Does the World Need Another Mobile Platform?

Andy Rubin, Android architect and vice president of engineering at Google, says that the world doesn't need Windows Phone 7 or any other new mobile platform.
The world doesn't need another platform. Android is free and open; I think the only reason you create another platform is for political reasons. Why doesn't the whole world run with [Android]? They don't like the people who developed, or "not invented here," but [Android] is a successful, complete, vertically integrated free platform. I encourage everybody to use it, but I'm also not under the impression that everybody will use it, which is a good thing, because competition is good for the consumer and if somebody has an an idea for a feature or a piece of functionality in their platform and Android doesn't do it, great. I think it's good to have the benefit of choice, but in the end I don't think the world needs another platform.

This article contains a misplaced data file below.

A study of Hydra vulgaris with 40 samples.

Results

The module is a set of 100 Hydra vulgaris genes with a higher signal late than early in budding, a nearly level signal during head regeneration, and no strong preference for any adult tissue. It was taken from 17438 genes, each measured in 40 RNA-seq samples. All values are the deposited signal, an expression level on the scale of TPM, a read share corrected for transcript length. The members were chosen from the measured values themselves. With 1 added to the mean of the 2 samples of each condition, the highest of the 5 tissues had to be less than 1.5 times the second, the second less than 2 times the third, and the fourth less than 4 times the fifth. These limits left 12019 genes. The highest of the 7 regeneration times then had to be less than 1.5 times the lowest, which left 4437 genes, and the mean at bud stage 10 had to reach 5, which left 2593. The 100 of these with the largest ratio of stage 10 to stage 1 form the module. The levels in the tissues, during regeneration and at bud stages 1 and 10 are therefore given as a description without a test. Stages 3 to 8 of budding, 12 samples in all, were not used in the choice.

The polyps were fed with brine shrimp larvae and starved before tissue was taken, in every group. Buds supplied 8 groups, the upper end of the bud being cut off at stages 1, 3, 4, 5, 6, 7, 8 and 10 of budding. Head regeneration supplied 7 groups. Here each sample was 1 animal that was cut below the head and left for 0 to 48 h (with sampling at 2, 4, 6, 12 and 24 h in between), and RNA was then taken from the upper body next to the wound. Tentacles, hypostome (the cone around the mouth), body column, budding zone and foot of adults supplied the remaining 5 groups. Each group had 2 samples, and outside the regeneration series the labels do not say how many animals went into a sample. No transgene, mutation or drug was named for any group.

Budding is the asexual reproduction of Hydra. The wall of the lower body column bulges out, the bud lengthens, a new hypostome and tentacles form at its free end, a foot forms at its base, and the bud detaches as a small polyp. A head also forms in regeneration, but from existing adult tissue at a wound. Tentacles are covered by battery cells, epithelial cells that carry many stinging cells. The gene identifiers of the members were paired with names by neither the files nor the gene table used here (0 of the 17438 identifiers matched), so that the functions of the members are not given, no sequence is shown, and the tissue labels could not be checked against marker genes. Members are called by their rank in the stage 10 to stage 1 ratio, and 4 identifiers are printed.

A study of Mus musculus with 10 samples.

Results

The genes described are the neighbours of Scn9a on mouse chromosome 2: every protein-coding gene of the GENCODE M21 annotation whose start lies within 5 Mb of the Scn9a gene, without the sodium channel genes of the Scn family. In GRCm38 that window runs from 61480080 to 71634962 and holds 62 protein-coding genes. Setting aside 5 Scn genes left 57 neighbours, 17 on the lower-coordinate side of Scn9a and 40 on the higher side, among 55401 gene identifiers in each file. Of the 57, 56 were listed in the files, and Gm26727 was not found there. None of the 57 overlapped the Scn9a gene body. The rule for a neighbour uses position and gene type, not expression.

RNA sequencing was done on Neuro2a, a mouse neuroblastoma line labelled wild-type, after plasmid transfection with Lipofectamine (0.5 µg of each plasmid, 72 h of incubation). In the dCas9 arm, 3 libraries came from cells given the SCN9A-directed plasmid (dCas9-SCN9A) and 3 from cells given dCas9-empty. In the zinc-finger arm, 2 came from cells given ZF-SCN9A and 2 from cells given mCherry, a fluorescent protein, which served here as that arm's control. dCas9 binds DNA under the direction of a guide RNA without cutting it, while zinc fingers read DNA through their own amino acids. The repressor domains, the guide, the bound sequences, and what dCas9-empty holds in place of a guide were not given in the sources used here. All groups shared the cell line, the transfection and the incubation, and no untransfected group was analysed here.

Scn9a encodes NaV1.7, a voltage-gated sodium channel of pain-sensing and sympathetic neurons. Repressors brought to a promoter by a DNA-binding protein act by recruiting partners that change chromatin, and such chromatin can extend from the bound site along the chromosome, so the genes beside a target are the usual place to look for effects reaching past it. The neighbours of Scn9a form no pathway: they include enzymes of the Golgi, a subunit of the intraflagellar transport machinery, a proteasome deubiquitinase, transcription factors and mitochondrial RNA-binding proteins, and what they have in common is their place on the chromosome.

Does the world need a better phone? Does the world need a phone that boots faster, a phone based on a web application framework, a phone that has a consistent interface? Just because Windows Phone 7 doesn't use Android, it doesn't mean that it's reinventing the wheel. Android is flexible, but it can't be used to build any kind of mobile operating system.

Millions of people will buy Windows Phone 7 phones and they'll find a new way to experience the Web. They'll probably use Bing, a browser that doesn't support HTML5 and they'll run Silverlight apps, but that's great: more people will buy Internet-enabled devices and will make the Web a better place. Great ideas come from everywhere and competition can only make Android better.